Mothers’ perceptions and concerns about child weight were assessed with sex-specific figure rating scales and the Child Feeding Questionnaire, respectively. Participants’ weights and heights were measured and characterised using WHO references. Children’s dietary intakes were estimated using a 24-h dietary recall. Children’s diet quality was evaluated using the relative proportion of their energy intake provided by ultra-processed products, which were identified with the NOVA classification. χ2 tests, multivariate logistic regressions and t tests were performed.
Ottawa, Ontario, Canada.
Black immigrant mothers of Sub-Saharan African and Caribbean origin (n 186) and their 6–12-year-old children.
Among mothers, 32·4 % perceived their child as having overweight while 48·4 % expressed concerns about child weight. Girls and children with overweight or obesity were significantly more likely to be perceived as having overweight by their mothers than boys and normal-weight children, respectively. Mothers of children living with obesity, but not overweight, were significantly more likely to be concerned about their child’s weight than mothers of normal-weight children. Children’s diet quality did not differ according to mothers’ perceptions and concerns.
Children’s gender and weight status were major determinants of perceptions and concerns about child weight among Black immigrant mothers. Including knowledge about mothers’ perceptions and concerns about child weight will help nutrition professionals develop interventions tailored to specific family needs within the context of their cultural backgrounds.
To investigate the perceived effects of the coronavirus disease (COVID-19) pandemic lockdown measures on food availability, accessibility, dietary practices and strategies used by participants to cope with these measures.
We conducted a cross-sectional multi-country online survey between May and July 2020. We used a study-specific questionnaire mainly based on the adaptation of questions to assess food security and coping strategies from the World Food Programme’s ‘Emergency Food Security Assessment’ and ‘The Coping Strategy Index’.
The questionnaire was hosted online using Google Forms and shared using social media platforms.
A total of 1075 adult participants from eighty-two countries completed the questionnaire.
As a prelude to COVID-19 lockdowns, 62·7 % of the participants reported to have stockpiled food, mainly cereals (59·5 % of the respondents) and legumes (48·8 %). An increase in the prices of staples, such as cereals and legumes, was widely reported. Price increases have been identified as an obstacle to food acquisition by 32·7 % of participants. Participants reported having lesser variety (50·4 %), quality (30·2 %) and quantity (39·2 %) of foods, with disparities across regions. Vulnerable groups were reported to be facing some struggle to acquire adequate food, especially people with chronic diseases (20·2 %), the elderly (17·3 %) and children (14·5 %). To cope with the situation, participants mostly relied on less preferred foods (49 %), reduced portion sizes (30 %) and/or reduced the number of meals (25·7 %).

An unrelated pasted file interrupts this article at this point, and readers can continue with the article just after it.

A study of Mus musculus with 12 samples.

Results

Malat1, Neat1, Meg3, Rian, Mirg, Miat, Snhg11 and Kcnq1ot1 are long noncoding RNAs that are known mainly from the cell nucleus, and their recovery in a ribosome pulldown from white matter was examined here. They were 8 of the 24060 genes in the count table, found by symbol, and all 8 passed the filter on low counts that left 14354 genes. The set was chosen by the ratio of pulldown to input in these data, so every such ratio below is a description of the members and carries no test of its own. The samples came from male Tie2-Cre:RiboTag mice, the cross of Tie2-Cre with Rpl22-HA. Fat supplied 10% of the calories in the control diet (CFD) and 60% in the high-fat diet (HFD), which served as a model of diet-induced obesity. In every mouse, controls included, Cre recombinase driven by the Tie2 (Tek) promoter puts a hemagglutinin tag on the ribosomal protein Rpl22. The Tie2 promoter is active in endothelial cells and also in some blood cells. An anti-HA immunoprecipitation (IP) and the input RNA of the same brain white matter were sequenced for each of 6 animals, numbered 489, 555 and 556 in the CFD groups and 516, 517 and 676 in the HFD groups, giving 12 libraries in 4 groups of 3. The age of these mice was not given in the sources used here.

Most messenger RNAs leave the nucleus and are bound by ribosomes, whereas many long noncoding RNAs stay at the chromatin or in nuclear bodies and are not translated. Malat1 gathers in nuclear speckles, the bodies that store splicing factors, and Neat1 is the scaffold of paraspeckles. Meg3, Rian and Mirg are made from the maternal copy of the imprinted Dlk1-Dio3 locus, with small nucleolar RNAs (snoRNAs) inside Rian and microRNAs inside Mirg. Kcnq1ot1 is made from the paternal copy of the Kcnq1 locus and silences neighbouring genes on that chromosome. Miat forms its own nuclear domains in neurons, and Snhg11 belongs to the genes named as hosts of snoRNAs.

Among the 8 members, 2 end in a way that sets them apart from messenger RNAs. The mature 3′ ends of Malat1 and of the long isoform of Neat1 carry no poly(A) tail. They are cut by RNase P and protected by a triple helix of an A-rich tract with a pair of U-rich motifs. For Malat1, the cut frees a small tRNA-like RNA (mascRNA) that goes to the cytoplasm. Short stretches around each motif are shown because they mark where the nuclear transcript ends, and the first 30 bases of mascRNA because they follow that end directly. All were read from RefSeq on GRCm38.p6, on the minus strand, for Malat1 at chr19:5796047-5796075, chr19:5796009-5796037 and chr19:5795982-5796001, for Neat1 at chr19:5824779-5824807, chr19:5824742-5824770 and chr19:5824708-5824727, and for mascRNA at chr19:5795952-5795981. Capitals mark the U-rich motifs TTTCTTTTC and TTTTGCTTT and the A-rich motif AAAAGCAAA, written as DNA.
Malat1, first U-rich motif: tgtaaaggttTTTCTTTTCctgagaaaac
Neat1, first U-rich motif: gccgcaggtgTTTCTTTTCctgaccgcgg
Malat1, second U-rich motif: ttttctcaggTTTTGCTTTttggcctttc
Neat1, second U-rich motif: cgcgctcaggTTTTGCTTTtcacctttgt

The COVID-19 pandemic negatively impacted food accessibility and availability, altered dietary practices and worsened the food insecurity situation, particularly in the most fragile regions.
To identify the drivers and challenges of successful nutrition programme implementation in a multisectoral, community-level approach to improve infant and young child feeding (IYCF) practices in northern Burkina Faso.
A qualitative study was conducted in 2019 through (i) individual interviews with key informants from five different sectors (health, agriculture, environment, livestock and education) and association staff, agents and community leaders and (ii) focus groups with mothers of children under the age of 2 years.
Three health districts in the northern region of Burkina Faso implemented a multisectoral community nutrition programme to improve IYCF practices.
Forty-seven implementing actors and twenty-four beneficiary mothers.
Factors influencing successful implementation include community participation; sector commitment and involvement; the existence of nutrition champions; capacity building; the integration of interventions; micronutrient powder distribution; the introduction of nutrition-sensitive interventions, such as the promotion of the consumption of orange-fleshed sweet potatoes; improved food production and small livestock rearing and the effective coordination of actors and complementary funding. The main challenges of the implementation of multisectorality are low participation among nutrition-sensitive sectors, a tendency for siloed work among sectors, scheduling conflicts, high actor mobility, differences in the target population by sector, a lack of technical skills among community workers, insufficient financial resources, low geographic convergence and coverage of beneficiaries, a lack of a multisectoral monitoring mechanism and accountability and insecurity.
Strengthening sector participation, identifying a common targeting strategy and mobilising financial resources have the potential to significantly reduce barriers and improve the quality of implementation.